REFRESH Act Strains Wildlife Habitat and Farming Conservation Programs
Farm Bill Marker could impact wildlife, wetlands and grasslands
Mekell Mikell, Ph.D.
The National Wildlife Federation expressed disappointment in a proposal for reauthorization of the farm bill introduced jointly by Senator Dick Lugar and Rep. Marlin Stutzman, both of Indiana.
“While we appreciate the need to find savings in this difficult fiscal climate, the Rural Economic Farm and Ranch Sustainability and Hunger (REFRESH) Act of 2011 leaves far too much wildlife habitat on the cutting room floor,” said Julie Sibbing, director of agriculture programs for the National Wildlife Federation. “If enacted into law, the impact to wildlife populations across the agricultural landscape will be significant.”
The REFRESH Act would cut 8 million acres from the 32 million acre Conservation Reserve Program (CRP) in addition to millions of acres that have already been stripped away in the last three years. The Act also allows landowners whose property is currently enrolled in the Conservation Reserve Program to terminate their contracts with the federal government on eight million acres, even though they may have just restored the land at taxpayer expense. While the bill wisely seeks to move some short-term CRP acres into a long term easement program, there is not sufficient funding in this program to make up for the huge loss to the Conservation Reserve Program.
This farm bill marker also allows landowners who only use conventional crop insurance to destroy wetlands and endanger grasslands without penalties. Another troubling proposal that could heavily impact wildlife habitat is the removal of a provision in the Biomass Crop Assistance Program that prohibits planting biomass plant species or varieties that have the potential to become invasive.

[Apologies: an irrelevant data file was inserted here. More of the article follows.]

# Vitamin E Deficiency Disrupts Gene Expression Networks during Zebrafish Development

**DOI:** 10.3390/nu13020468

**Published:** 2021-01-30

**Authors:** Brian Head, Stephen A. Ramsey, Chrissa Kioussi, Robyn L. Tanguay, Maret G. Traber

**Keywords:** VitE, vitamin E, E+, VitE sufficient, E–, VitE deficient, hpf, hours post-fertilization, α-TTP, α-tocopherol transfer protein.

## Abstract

Because of a combination of poor weather conditions and loss of habitat, this year is already shaping up to be one of the worst pheasant hunting seasons on record in the Northern Plains. CRP takes the most marginal lands out of production, stops soil erosion and water pollution from these lands, and provides habitat for wildlife species. By reducing funding for the Conservation Reserve Program, the REFRESH Act could make hunting in the Northern Plains and other regions even more difficult for the sportsmen community. “You can’t have wildlife without setting aside sufficient areas for habitat,” Sibbing said
There are a few bright spots for wildlife in the REFRESH Act, like continued funding for wetlands, grassland and forest conservation. However, the National Wildlife Federation found the overall effect of the legislation’s conservation provisions to ultimately be a net loss for wildlife.
Wildlife and the Farm Bill
The Farm Bill
is among the largest sources of conservation funding in the federal government.